Therapists give a great amount of lip service to the idea that normalcy is a very difficult, if not unfair, thing to assess when it comes to families. However, in my discussions with colleagues, I am always surprised at how easy it is for them (and me) to reach quick conclusions about the health of the family systems we work with. Terms such as “enmeshment” and “rigidity” are often thrown around with, I suspect, the lack of understanding of the family that’s required to really reach those kinds of conclusions.
I think it hit home a few weeks ago when another therapist described her client’s family as enmeshed. Although probably not the basis of her argument, she proceeded to explain that when she went to college she spoke to her family a handful of times each semester. She was focused on her life and her objectives. The relationship with her family had become secondary from that point forward.
I found myself thinking, “That’s weird.” Followed by, “Man, she would have a field day with my family.”
So I went to my go-to defense mechanism and intellectualized the whole thing by bringing up the importance of culture in influencing one’s conclusion. Some of the other folks there came back with equally logical arguments, namely that enmeshment can reach a point where one can call it enmeshment regardless of culture. The back-and-forth sounded pretty much like that for about half an hour.
What I would have said, if I didn’t care about causing others to question the “normalcy” of my family, would have sounded something like: “Wow, that seems pretty cold to me. I couldn’t imagine my college years without having talked to my family or seen them every week.”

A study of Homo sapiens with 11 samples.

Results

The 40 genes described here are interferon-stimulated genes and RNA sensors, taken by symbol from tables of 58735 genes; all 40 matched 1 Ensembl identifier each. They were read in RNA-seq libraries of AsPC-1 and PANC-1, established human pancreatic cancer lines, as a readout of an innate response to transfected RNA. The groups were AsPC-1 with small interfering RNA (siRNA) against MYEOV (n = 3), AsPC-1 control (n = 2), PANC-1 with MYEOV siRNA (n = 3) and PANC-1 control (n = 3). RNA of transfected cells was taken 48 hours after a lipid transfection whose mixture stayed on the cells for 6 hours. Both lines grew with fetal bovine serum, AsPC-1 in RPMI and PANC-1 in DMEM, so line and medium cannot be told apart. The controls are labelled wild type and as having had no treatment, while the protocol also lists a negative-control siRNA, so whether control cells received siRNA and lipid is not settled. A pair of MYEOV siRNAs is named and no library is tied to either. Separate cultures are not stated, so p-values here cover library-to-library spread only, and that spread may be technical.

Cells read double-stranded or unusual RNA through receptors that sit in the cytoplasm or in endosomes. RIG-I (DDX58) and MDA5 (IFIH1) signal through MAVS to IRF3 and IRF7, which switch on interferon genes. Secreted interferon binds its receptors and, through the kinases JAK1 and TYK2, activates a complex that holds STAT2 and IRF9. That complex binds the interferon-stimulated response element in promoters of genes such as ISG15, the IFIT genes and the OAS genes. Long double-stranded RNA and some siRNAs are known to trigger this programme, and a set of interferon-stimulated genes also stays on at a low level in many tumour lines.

It was a reminder about the importance of being careful in not defending our own families or ideas about family in our work with families. Keeping most of what the family does that is healthy intact does not invalidate how our families work. That difference isn’t always pathology, it’s just a difference. As healthy as our families may be, they do not form a legitimate basis from which to understand other families. How our families “do it” may actually create real problems in other families.
I understand this is something that was drilled into me 15 years ago during my studies, supervision, and training. It is something that anyone who does any sort of therapy should always have in their head. But managing our expectations and ideas of how the world should work takes a lot, and its presence in our interventions and our thinking can be very insidious. It’s funny, because we work in a profession that, depending on how you look at it, demands that we work toward a goal of normalcy yet refuses to give us the ability to define it—and rightfully so.
I guess that’s why the DSM is always such a hot mess … but we won’t go there.
Over the years I have shifted to thinking that terms such as “enmeshment” have little meaning. Regardless of what category a family may fall into, health has more to do with whether folks are happy and how they adapt to problems. If that’s good, then so is the family.
What is good for the therapist is good for the client. There are legitimate reasons for family members to cut off communication or set hard boundaries. Sometimes it’s even OK if the issue is a matter of principle. Before doing so, we should make sure that the problem we have with another family member is one that actually affects us, that the issue has more to do with the impact on our lives than how we think the other person should be living theirs.